Career Advice

Get Caught Job Searching at Work? Here's How to Turn it Around

A new year means countless people are looking for a new job. The problem though is they are often doing it on the company’s dime. While it’s unethical to say the least, getting caught in the act during work hours can be downright damaging. For one thing, your employer is paying you to perform a task not apply for jobs which will make you look bad, and accordingly it could force you to make a move sooner than you planned.

“No matter what the employer is doing you are still getting paid so you have to be sensitive to that,” says JD Conway, technical recruiter and talent acquisition partner at BambooHR. But if you do it anyway and get busted “only good can come out of you owning the situation.”

Get busted, own up.

In this mobile and technology driven employment market it’s easy to jump on a job search website or send your resume from your iPhone all the while sitting at your desk “working.” While it only takes a few minutes, add that up over the course of a week and that’s a lot of lost productivity for the company that is paying your salary. Most career experts say to save the job searching and interviewing to lunch breaks, free time or before or after work hours. That way you won’t be wasting your company’s money and if you do find a new job you can exit gracefully.

But if you didn’t heed that advice, and your boss found out, you need to address the situation head-on instead of letting it get worse. “If you know that your manager found out you were looking for jobs, address the situation and talk about it with them. Own up to your mistake, and apologize,” says Adam Ochstein, founder and CEO of StratEx, a Chicago-based firm HR software company. “Have an honest conversation about why you’re looking, what about your current position makes you unhappy, and what would make you happy in the role.”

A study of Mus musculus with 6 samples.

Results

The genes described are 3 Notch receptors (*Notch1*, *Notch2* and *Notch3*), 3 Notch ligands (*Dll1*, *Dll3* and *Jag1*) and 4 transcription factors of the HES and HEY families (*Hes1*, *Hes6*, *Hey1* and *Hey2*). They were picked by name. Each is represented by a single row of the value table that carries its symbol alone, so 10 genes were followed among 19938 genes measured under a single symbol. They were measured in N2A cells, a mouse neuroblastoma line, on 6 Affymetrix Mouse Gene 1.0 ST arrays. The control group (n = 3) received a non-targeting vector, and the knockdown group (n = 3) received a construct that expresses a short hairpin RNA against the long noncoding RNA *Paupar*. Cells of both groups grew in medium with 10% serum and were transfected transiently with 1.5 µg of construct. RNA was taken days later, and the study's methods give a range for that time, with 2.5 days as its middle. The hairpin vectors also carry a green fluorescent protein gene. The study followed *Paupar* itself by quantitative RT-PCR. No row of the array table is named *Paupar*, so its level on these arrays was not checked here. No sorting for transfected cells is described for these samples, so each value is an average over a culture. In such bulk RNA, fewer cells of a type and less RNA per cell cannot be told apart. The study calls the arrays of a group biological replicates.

Don’t use it as leverage if you don’t want to stay

Getting busted looking for a new job on the company’s dime can only result in a couple of scenarios, both of which require you to own your actions. If you deny it or otherwise pretend nothing happened than it will sour your relationship with your boss and worse tarnish your reputation in the industry, particularly if you are in a field where everyone knows everyone.

Conway says on the one hand your boss may find out about your hunting and wish you luck but it can also open up dialogue about your career trajectory within the organization. “It could be a really good time to address concerns or changes within the company or department that your boss should have considered or should be considering in the future,” says Conway. Not to mention it can be a lesson for the employee to speak up when they are unhappy and give their company a chance to counter or make it right before starting a job search, he says.

For employees who do get busted looking for a job but don’t actually want to leave, trust could become an issue, said Ochstein. Employers will now worry that you are planning to leave or will easily jump ship if you don’t like what’s going on. Ochstein says in order to fix that, the trust will have to be rebuilt on both sides. “Employees need to ask themselves, if they were ready to look for a job while working at their current position, do they want to fix the relationship there or do they want to move on,” he says. After all the last thing you want to do is accept a raise or new role and leave three months later anyway.

At the end of the day, one of the worst things a busted employee should do is use the situation as a way to get more money out of their employer. Even if the company counters and gives you a raise they will always question your loyalty going forward. “You don’t want to look like a mercenary,” says Conway. “It will destroy loyalty if you look like only money matters.” Ultimately, nothing can protect a reputation more than being honest and acting with integrity even if the company doesn’t.